Teacher of the year to beleaguered educators: Stand tall

At a time when morale among public school teachers has dropped to a 20-year low and many feel unfairly blamed for failing schools, Rebecca Mieliwocki has a message for the nation’s educators: Stand tall.

“You will never meet a more hardworking American than a teacher, it’s the best value your tax dollars can get,” said Mieliwocki, a seventh grade English teacher from Burbank, Calif., who will be honored Tuesday at the White House by President Obama as the 2012 Teacher of the Year. “I want them to stand up a little taller, be a little prouder and be very passionate about getting better.”

Mieliwocki said social and economic pressures have made her job increasingly more challenging since she began teaching in public schools 14 years ago.

“We face so many barriers to student success that I didn’t create and are beyond my control,” she said. “I can’t control whether my students eat breakfast, have a place to sleep at night, whether they have access to technology. I can do every thing I can when they step into my classroom to try to level the playing field but one person alone just can’t do it all, and that’s pretty overwhelming.”

Mieliwocki, 43, teaches in a racially and economically diverse middle school outside Los Angeles. The school’s students scored above the state average in math and English, according to the most recent data. About 43 percent of the school’s 1,010 students are classified by the state as poor.

“In any school system in any state, whether the most affluent district or not, you have families in crisis right now,” Mieliwocki said. “Everyone is worried about money, jobs, the economic future. I am seeing it in my classroom. I see the needs are so great — health care, hunger, transportation, clothing, parents losing jobs. It’s all hands on deck right now to get through this.”

At the same time, a nationwide shift promoted by both Republicans and the Obama administration toward evaluating teachers based on student performance has led some teachers to worry that their careers can be abruptly ended by poor test scores.

Test data should be just one aspect of a multi-dimensional evaluation process, Mieliwocki said.

“I am responsible for my students’ abilities and what they can learn and we test that knowledge once in a school year and I need that knowledge to help me improve as a teacher,” she said. “But if you only look at test scores, you will miss so much more that is directly responsible for the growth of young people. Please make sure that you’re looking at all of it.”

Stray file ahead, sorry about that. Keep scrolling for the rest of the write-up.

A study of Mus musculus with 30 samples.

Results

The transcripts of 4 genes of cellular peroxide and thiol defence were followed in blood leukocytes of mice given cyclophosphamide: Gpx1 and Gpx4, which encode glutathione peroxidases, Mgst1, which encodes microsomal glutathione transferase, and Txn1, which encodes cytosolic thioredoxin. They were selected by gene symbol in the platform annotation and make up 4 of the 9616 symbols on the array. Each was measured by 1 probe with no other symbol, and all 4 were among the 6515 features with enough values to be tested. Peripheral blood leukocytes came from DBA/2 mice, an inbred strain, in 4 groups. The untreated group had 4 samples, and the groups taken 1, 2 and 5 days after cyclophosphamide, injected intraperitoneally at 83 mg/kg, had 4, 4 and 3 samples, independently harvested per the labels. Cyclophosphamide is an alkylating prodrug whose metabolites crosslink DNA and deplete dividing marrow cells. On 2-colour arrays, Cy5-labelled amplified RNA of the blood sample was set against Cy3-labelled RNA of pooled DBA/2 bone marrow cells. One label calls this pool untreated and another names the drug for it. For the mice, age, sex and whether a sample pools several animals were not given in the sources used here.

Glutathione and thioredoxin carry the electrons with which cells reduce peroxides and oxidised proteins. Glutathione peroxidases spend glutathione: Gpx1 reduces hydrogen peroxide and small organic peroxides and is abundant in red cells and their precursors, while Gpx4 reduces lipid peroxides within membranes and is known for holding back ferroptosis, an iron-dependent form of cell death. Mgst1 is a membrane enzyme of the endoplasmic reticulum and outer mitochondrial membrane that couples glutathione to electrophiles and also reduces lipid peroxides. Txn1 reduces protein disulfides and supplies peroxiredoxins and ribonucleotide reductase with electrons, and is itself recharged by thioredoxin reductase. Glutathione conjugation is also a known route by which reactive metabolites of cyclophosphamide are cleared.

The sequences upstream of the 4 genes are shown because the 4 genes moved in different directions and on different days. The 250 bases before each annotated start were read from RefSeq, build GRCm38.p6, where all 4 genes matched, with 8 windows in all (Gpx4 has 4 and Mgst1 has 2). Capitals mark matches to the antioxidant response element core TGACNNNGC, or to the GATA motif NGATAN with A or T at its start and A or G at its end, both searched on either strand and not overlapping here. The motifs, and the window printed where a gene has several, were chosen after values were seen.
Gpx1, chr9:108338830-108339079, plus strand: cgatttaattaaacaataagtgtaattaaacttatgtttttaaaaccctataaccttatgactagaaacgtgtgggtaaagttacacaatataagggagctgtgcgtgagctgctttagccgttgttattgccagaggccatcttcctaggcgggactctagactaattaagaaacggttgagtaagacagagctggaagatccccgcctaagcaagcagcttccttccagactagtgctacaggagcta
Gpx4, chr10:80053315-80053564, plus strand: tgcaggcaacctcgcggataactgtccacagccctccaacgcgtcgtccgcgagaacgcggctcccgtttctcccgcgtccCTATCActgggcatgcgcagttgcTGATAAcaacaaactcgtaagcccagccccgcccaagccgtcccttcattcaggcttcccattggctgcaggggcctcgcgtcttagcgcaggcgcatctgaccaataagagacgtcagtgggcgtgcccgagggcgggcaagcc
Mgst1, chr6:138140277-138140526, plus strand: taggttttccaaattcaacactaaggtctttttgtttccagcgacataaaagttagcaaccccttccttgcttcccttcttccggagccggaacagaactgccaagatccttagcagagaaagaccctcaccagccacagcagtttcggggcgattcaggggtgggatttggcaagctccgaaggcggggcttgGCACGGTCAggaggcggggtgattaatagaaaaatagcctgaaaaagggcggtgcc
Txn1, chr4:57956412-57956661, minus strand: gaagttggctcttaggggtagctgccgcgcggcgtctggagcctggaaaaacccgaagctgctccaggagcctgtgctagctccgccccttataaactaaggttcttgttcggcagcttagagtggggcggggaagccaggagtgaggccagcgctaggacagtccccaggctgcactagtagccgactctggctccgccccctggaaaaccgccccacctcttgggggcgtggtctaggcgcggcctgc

An annual survey of teachers by MetLife released in March found teacher job satisfaction has dropped 15 percentage points since 2009, from 59 percent who are very satisfied with their jobs to 44 percent, the lowest level in two decades. Meanwhile, the percentage of teachers who say they are very or fairly likely to leave the profession has risen 12 percentage points since 2009, to 29 percent from 17 percent.

The daughter of two public school teachers, Mieliwocki initially began a career in publishing after her graduation from California Polytechnic State University.

But the work left her uninspired. “So I made a list of the things I needed in my dream job: Be your own boss, work with children, try to leave the world better than when you were delivered into it,” she said.

When she shared the list with her husband, he told her “It’s so obvious. You’re supposed to be a teacher, silly,” she said. “And the minute I entered a classroom, it felt so natural, so normal, like a breath of fresh air. It was everything I wanted it to be.”

Lyndsey Layton has been covering national education since 2011, writing about everything from parent trigger laws to poverty’s impact on education to the shifting politics of school reform.